Realignment, Now More than Ever
The next best thing to a permanent majority

The Weekly Standard, November 22, 2004, Volume 10, Issue 10


Karl Rove said last year that the question of realignment--whether Republicans have at last become the majority party--would be decided by the election of 2004. And it has. Even by the cautious reckoning of Rove, President Bush's chief political adviser, Republicans now have both an operational majority in Washington (control of the White House, Senate, and the House of Representatives) and an ideological majority in the country (51 percent popular vote for a center-right president). They also control a majority of governorships, a plurality of state legislatures, and are at rough parity with Democrats in the number of state legislators. Rove says that under Bush a "rolling realignment" favoring Republicans continues, and he's right. So Republican hegemony in America is now expected to last for years, maybe decades.

Listen to Walter Dean Burnham, professor emeritus at University of Texas at Austin, who is the nation's leading theorist of realignment, the shift of political power from one party to another. The 2004 election, he says, "consolidates it all"--that is, it solidifies the trend that has favored Republicans over the past decade. To Burnham, it means there's "a stable pattern" of Republican rule. "If Republicans keep playing the religious card along with the terrorism card, this could last a long time," he says. Burnham, by the way, is neither a Republican nor a conservative.

His definition of realignment is "a sudden transformation that turns out to be permanent." The breakthrough occurred in 1994 when Republicans shattered the 40-year Democratic grip on Congress and the statehouses. Since then, the GOP has held its gains, and even added to them in the 2002 and 2004 elections with George W. Bush as president and Rove as strategist. Burnham says the 2004 election "may be the most important of my lifetime." (He's 75.) The reelection of Bush plus pickups in the Senate and House was "a very, very impressive showing, given the past." Democrats will have enormous difficulty overcoming "the huge weight of Republican strength," he says.

Republicans gained four Senate seats, giving them 55, bringing their numbers back to the historic high they'd reached in the late '90s. (The last time Republicans had more than 55 seats in the Senate was 1931.) They won three more House seats and are expected to capture at least one of the two seats at stake in runoff elections in Louisiana in December. That will give them 232 or 233 seats, the most they've held since 1949. In 1992, the year before realignment began, they held 44 seats in the Senate and 167 in the House. Republican governorships have jumped from 18 in 1992 to 28 or 29 today, depending on the outcome of the governor's race in Washington state, and control of legislatures has risen from 8 to 20.

What hasn't emerged is the much-touted "emerging Democratic majority." It remains a theory of liberal analysts John Judis and Ruy Teixeira, based on their take on voting patterns of women, urban professionals, and Hispanics. The theory faltered in 2002 and even more this year. The gender gap in the presidential race dropped from an 11-point Democratic advantage among female voters in 2000 to a 3-point edge in 2004. And Ken Mehlman, the president's campaign manager, said the Bush vote in urban centers of more than 500,000 people grew by 26 percent in 2004 over 2000.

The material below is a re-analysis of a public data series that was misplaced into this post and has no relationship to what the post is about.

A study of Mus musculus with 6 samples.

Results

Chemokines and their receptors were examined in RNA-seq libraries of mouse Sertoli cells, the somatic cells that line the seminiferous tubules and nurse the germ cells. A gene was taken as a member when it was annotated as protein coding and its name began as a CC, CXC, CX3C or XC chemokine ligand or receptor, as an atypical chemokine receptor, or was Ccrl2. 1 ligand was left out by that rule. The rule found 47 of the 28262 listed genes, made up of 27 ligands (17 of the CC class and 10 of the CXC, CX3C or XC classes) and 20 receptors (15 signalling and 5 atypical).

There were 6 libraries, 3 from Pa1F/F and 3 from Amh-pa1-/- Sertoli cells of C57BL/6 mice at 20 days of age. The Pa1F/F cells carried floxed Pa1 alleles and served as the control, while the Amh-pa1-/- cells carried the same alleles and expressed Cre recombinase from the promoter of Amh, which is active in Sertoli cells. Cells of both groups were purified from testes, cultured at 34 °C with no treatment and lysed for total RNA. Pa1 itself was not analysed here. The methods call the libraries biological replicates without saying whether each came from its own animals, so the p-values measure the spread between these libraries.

But Latinos are the big realignment story of 2004. They comprised only 8 percent of the electorate this year, but are growing rapidly as a voting bloc and are already an important factor in California, Texas, Florida, New York, Illinois, and several other states. The Republican share grew from 21 percent in 1996 to 35 percent in 2000 and to 42 percent this year. The flip side is that Democrats lost Latino voters, falling from 72 percent in 1996 to 62 percent in 2000, then to 54 percent in 2004. Burnham speculates that Hispanics are attracted to the entrepreneurial bent and traditional values of Republicans.

Meanwhile, the South continued to be reliable turf for Republican gains. Republicans overcame a 102-75 Democratic majority to take control of the Georgia House, after having won the state senate in 2002. In Florida, they picked up a statehouse seat in Broward County (Ft. Lauderdale), one of the most Democratic counties in the country. Democrats haven't added any seats in the Florida legislature since 1982. Of course, the most striking gains were the five U.S. Senate seats in the South won by Republicans. "The southern seats are probably never going back," says Burnham.

For Republican rule to endure, Rove makes the obvious point that Bush and the Republican Congress must govern together. Mehlman goes further, insisting Bush's "ownership society" agenda will lock in millions of voters by "changing the incentives of politics." From the 1930s on, a majority of voters were united around the New Deal idea that "federal power would improve their lives," Mehlman says. That insured Democratic majorities. Now, Social Security, tax, and tort reform may do the same for Republicans by giving Americans more control over their income and wealth. "When [those reforms] become law," Mehlman says, "a constituency will develop behind them. That's the New Deal" all over again, this time for the Republican party.

Rove, leery of claiming too much for Republicans, said on Meet the Press on November 7 that "there are no permanent majorities in American politics." This is true, but some last longer than others. Burnham, however, sees little chance of change for years. For Republicans to slip into minority status again, he says, it would take a monumental party split like that in 1912 or "a colossal increase in the pain level" of Americans as happened with the Great Depression. Neither is likely.